I daydream my stories. While driving down the freeway, while walking the dog, while washing dishes, in the moments before sleep claims me, and the moments when whatever outwardly occupies me is not stimulating enough to engage me. At all of these times and many others, my inner landscape is populated with characters and imaginary storyboards and plot line crises and “what if” questions.
It was the most common complaint of teachers to my parents at parent-teacher meetings: “She daydreams”. My parents would dutifully report this to me without censure. If anything, they seemed mildly amused. And so I continued daydreaming. Many years later I found out that the same teacher complaint had been made of my Dad, a generation before me. Daydreaming, it seems, runs in the family, and for this I am grateful.
Sometimes the daydream begins with a key phrase or title line: “How the Cheetah Got His Tears”. How did the cheetah get his tears? I had no idea, but the line would not let go of me. Then one day, caught up in the inner moving pictures of my own daydreams, the stage set filled with the stately cheetah accompanied by other wildlife. As the characters came to life in my imagination, the problem between them – and its resolution – gradually unfolded.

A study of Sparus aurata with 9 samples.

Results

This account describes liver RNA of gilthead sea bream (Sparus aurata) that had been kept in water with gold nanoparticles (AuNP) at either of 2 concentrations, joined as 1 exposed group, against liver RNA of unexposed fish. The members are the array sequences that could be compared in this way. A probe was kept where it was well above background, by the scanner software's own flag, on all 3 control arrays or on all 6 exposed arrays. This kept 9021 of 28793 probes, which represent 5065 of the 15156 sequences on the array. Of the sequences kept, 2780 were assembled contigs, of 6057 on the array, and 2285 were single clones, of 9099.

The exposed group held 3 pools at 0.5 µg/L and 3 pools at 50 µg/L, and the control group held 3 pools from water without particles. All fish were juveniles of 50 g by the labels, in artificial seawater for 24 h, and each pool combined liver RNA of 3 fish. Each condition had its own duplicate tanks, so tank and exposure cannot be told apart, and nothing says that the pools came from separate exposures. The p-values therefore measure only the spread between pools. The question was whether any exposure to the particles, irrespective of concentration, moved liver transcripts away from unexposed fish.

When I sat down to record what had already played out in my daydreaming, the story wrote itself.
Vision, innovation, invention, and strategy are birthed from daydreaming. And ah yes, so also are stories and art and music.
But daydreaming is not self-limiting. Creative teaching and creative learning too, are its fruit. Education systems have largely made the mistake of regarding daydreaming as the opposite of concentration, not realizing that on the contrary, daydreaming is a highly focused form of concentration. Perhaps we should be encouraging it, rather than trying to “correct” it; harnessing it, instead of trying to shut it down. Perhaps we should facilitate our family members and friends and coworkers and students and employees in their daydreaming, and help them find outlets and avenues to give those daydreams expression.
Find out what stimulates your own daydreaming. For me it can be a number of things: listening to Mozart, walking on the beach, watching the dawn, working in the garden… I also know what shuts down my daydreaming: Not only the censure (or fear of it) of other people, but also watching too much television or spending too much time on the internet and social media – passive “activities” where “daydreams” are provided already packaged through an LED screen.
Once you have found your way back to daydreaming again, help someone else do the same. Let’s help to open up safe and unrestricted space for the dreamers and their daydreams in our homes, churches, schools,and workplaces. That’s my daydream!